Researchers are studying how lava changes when it flows on, under and next to snow and ice. The different patterns can be used to hunt for now-disappeared glaciers from past ice ages.
Lava and ice at Veniaminof volcano in Alaska, Aug. 2013.
Tuya Butte, the volcano in northern British Columbia that is the source of the term tuya — a volcano that erupted under ice.
Lava flows at Canada's Hoodoo Mountains dammed behind a glacier, now disappeared.
Hayrick Butte in northern Oregon is an example of a tuya in the United States.
At Syracuse University in New York, scientists are simulating their own lava-ice interactions.
Tunnel of lava
Imagine a lava flow creeping slowly through a circular tunnel melted into the ice. Cool down the lava flow, then remove the ice. The sinuous shape of the lava flow shows that it was confined by ice.
A table mountain in Iceland, the local term for a volcano that erupted under ice.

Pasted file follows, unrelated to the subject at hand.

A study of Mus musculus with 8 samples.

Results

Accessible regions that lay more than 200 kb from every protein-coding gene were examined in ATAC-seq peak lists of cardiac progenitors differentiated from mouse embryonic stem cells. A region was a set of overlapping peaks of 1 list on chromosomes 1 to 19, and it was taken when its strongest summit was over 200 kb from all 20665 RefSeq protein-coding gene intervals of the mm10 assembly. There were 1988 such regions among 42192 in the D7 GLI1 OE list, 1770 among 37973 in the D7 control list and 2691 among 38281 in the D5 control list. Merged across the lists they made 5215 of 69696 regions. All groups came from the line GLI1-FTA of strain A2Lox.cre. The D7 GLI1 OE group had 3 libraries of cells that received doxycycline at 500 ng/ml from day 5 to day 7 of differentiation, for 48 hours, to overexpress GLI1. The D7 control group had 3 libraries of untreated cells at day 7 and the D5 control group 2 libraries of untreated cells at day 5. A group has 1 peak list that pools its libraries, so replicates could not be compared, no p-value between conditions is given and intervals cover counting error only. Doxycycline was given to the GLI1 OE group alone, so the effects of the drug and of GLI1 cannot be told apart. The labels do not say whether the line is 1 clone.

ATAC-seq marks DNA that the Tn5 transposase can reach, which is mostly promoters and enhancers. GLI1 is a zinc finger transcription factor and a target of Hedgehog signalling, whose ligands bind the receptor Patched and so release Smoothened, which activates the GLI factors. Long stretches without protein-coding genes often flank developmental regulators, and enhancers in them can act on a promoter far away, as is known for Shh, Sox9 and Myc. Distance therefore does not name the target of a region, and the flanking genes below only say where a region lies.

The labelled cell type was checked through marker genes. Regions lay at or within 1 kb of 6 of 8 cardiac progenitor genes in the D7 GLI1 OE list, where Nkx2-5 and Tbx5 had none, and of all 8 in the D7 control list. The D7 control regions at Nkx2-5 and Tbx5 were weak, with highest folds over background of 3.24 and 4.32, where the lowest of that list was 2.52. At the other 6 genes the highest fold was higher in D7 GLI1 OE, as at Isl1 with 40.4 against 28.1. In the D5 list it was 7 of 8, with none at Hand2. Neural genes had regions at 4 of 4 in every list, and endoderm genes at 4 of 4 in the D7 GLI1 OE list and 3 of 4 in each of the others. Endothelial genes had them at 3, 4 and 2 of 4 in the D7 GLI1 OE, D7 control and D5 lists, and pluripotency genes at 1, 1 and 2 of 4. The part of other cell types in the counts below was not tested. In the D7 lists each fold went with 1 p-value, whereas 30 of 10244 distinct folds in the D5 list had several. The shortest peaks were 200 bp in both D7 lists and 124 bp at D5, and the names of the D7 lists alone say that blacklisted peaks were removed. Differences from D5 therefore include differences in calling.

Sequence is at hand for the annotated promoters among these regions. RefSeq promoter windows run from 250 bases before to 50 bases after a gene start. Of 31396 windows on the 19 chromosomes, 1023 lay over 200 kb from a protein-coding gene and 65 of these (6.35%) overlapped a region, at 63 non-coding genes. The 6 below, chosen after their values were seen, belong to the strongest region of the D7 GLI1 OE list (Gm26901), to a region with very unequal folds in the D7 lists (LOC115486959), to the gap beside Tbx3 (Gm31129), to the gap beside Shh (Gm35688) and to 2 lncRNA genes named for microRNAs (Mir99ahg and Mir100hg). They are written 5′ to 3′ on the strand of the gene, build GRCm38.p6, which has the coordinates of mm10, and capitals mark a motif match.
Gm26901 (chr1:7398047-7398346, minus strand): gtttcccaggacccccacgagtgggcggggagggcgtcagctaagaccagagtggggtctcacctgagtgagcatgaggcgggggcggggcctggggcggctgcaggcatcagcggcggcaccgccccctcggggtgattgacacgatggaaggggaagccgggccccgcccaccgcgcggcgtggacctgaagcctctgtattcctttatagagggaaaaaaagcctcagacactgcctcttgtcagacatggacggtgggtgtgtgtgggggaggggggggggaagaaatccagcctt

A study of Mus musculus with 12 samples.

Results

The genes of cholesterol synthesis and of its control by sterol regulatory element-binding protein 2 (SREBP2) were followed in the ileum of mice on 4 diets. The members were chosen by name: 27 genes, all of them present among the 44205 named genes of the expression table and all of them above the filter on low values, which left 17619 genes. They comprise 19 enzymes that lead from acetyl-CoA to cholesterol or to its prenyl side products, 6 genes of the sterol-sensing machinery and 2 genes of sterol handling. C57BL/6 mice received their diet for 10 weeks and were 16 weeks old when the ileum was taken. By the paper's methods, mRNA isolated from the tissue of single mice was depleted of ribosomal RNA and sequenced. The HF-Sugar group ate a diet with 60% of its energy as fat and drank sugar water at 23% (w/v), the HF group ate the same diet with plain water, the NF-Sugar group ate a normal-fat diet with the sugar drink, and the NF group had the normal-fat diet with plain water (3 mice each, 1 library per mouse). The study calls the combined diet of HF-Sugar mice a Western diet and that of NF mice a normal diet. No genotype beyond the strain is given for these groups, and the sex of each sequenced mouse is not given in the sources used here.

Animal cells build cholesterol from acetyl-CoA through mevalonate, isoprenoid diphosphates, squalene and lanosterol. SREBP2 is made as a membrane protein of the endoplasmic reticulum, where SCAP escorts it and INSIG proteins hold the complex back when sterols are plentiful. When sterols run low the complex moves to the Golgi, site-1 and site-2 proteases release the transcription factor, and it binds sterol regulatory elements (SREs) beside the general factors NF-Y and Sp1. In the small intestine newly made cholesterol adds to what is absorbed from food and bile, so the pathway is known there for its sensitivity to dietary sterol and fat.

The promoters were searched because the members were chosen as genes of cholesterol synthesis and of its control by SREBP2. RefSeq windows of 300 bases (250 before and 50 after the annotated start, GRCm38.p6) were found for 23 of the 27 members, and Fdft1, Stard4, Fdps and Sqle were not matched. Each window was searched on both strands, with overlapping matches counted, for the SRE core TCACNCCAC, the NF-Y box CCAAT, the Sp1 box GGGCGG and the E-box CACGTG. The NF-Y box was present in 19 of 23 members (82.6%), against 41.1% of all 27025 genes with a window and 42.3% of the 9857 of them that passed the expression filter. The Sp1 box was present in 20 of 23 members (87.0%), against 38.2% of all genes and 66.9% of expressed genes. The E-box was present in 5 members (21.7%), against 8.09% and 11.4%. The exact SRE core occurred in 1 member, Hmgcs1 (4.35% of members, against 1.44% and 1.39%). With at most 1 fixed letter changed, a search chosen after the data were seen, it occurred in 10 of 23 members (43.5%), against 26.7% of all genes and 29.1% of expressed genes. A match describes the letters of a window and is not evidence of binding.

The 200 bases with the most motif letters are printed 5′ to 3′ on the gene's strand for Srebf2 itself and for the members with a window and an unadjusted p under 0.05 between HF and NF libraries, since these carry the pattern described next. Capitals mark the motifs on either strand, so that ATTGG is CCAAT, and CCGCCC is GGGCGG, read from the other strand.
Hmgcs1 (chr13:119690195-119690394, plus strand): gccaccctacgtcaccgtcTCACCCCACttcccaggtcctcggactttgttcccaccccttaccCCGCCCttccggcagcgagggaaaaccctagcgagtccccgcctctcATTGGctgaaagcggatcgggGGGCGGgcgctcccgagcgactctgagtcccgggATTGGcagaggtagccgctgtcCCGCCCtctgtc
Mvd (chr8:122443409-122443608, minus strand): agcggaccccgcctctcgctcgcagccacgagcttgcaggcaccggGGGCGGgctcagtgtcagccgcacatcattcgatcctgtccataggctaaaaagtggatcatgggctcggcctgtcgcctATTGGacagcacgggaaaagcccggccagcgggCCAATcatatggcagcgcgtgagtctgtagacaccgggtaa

Antarctica's fiery past
View across northwestern James Ross Island, a subglacially-erupted volcano in Antarctica.
Close-up of the glassy lava breccia called hyaloclastite formed when lava flows into water and explodes into fragments.
Where water once flowed
A lava-fed delta on James Ross Island in Antarctica. The horizontal surface separating the layers marks the former water level.
Becky Oskin, Contributing Writer
Becky Oskin covers Earth science, climate change and space, as well as general science topics. Becky was a science reporter at Live Science and The Pasadena Star-News; she has freelanced for New Scientist and the American Institute of Physics. She earned a master's degree in geology from Caltech, a bachelor's degree from Washington State University, and a graduate certificate in science writing from the University of California, Santa Cruz.